With a plethora of natural gas export projects, and the pipelines that lead to them, destined for the Texas coast, FERC may establish a regional office in Houston, the chairman said Thursday.

Speaking at CERAWeek by IHS Markit, Neil Chatterjee said liquefied natural gas (LNG) export projects and pipeline permitting are weighted to the Texas coast and led overwhelmingly by Houston-based companies. To that end, discussions are underway with Houston Mayor Sylvester Turner to open a regional office, he said.

The “expertise” required to review LNG permitting “is here in Houston,” and a Bayou City regional office for the Federal Energy Regulatory Commission would make “a lot of sense.”

FERC’s role is at times “simply to get out of the way,” Chatterjee said of his approach to running the Commission.

However, protecting the nation’s grid and pipeline network through security regulations is never lost among his priorities. At the end of the month, the Commission is hosting an energy security conference with the Department of Energy (DOE) and the Transportation Security Administration.

“America’s critical infrastructure,” Chatterjee said, “is increasingly under attack” from cybersecurity threats. However, natural gas infrastructure growth also has faced a withering assault in state and federal courts, as well as the court of public opinion.

The not-in-my-backyard, aka NIMBY, communities and national conservation groups have strewn obstacles in the path of companies attempting to expand pipeline infrastructure. The courts are clogged with lawsuits.

Those legal challenges have added to FERC’s workload, said Chatterjee, as the Commission has to ensure permits issued can withstand the legal assault by what he said were “well meaning people.”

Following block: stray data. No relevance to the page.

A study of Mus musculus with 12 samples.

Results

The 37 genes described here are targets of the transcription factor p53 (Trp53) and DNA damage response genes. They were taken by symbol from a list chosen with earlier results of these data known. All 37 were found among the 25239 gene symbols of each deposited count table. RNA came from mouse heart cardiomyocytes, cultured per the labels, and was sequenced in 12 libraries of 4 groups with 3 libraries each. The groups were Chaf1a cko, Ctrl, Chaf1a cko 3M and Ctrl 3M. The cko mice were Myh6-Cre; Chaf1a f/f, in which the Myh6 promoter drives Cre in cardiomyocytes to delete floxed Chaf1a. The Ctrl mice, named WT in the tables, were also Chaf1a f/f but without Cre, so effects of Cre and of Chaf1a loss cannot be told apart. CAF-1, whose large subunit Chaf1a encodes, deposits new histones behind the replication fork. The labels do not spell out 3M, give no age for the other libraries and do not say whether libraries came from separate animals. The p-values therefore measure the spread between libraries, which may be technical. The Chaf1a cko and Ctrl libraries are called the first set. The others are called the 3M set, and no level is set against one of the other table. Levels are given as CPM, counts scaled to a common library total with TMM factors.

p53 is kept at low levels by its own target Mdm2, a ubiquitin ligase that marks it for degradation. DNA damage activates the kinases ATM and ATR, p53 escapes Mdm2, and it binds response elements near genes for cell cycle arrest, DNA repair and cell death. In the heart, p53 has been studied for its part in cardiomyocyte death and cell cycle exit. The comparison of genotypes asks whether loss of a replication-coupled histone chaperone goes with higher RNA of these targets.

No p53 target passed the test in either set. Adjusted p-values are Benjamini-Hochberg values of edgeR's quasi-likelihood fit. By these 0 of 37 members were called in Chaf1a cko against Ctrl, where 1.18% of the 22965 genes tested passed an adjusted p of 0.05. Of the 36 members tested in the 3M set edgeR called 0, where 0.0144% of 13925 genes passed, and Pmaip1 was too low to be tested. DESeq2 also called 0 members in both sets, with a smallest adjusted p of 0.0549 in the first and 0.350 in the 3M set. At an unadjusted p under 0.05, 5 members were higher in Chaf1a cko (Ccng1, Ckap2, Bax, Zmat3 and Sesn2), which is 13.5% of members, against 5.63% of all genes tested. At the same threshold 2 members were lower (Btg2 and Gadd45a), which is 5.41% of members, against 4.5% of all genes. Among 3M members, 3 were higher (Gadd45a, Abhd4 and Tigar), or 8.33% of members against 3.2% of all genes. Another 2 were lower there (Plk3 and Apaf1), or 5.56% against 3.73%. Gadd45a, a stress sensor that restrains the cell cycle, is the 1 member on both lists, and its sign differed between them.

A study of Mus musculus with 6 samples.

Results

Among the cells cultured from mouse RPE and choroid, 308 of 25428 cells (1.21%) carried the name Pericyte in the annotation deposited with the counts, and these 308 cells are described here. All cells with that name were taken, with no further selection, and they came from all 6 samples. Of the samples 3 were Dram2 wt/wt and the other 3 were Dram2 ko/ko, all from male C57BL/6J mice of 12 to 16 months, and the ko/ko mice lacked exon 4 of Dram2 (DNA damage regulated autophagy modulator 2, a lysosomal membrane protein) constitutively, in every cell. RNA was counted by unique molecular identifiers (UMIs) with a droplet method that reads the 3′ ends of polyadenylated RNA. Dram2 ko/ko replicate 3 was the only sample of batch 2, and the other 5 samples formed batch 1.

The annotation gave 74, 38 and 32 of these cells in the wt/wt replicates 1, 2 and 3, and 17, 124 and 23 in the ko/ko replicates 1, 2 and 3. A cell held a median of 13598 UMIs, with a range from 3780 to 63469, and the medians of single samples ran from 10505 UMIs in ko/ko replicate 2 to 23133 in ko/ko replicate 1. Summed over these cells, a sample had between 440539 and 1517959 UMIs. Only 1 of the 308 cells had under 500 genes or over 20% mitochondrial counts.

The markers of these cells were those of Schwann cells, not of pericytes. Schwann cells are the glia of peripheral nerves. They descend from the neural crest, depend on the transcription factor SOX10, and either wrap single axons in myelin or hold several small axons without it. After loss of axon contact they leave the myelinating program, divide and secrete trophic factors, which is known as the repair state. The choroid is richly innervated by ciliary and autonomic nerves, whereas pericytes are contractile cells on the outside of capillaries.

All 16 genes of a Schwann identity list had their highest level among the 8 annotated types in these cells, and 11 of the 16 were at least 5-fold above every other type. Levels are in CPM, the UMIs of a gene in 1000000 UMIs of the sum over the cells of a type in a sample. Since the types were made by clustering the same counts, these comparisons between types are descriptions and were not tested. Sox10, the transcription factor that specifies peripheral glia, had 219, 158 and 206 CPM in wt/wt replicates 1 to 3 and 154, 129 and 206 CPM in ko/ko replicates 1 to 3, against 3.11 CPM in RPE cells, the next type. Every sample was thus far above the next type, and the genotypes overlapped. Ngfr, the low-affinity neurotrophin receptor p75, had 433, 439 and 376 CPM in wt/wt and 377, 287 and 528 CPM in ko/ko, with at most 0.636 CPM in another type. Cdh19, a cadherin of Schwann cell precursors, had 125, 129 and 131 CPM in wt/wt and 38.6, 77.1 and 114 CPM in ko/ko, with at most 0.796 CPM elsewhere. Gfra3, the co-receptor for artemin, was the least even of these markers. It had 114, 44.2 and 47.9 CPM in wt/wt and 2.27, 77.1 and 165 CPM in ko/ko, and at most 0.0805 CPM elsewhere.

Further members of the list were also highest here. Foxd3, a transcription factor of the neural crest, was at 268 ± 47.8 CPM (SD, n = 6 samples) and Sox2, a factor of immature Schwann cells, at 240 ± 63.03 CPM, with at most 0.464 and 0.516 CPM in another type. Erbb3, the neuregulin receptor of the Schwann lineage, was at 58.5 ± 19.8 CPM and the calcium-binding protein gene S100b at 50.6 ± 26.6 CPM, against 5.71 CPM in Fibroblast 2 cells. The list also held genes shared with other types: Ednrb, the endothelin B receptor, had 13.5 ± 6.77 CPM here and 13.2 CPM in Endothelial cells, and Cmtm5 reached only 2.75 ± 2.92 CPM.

The FERC chairman also addressed the touchy proceeding to enhance grid resilience. The Commission last year unanimously rejected a DOE notice of proposed rulemaking to examine the resilience of the power grid, a move cheered by the coal and nuclear industries, while natural gas groups were vehemently opposed.

FERC instead issued an order to “holistically” examine the bulk power system’s resilience. Chatterjee suggested at the luncheon that FERC’s proceeding may consider transmission investments as a solution.

“It may not be possible or cost effective to design the grid to withstand every single type of extreme event that might occur,” he said. “Striking the right balance for consumers is undoubtedly a complex undertaking, but I believe it is more reasonable for us to consider additional transmission investments as an insurance policy to help reduce the size of disruption and enhance the grid’s ability to bounce back.”

He didn’t provide a timeline on when those transmission investments could be considered.

Diversifying the energy mix also is important, but competition among suppliers remains a priority, and consumer prices need to remain stable as more renewable technologies are mainstreamed.

Solar and wind power could “fundamentally alter the way we consume energy,” and the “increasing reliance on electric infrastructure and expanding threats to the grid” require FERC to “take a closer look at if we’re doing enough to protect ourselves.”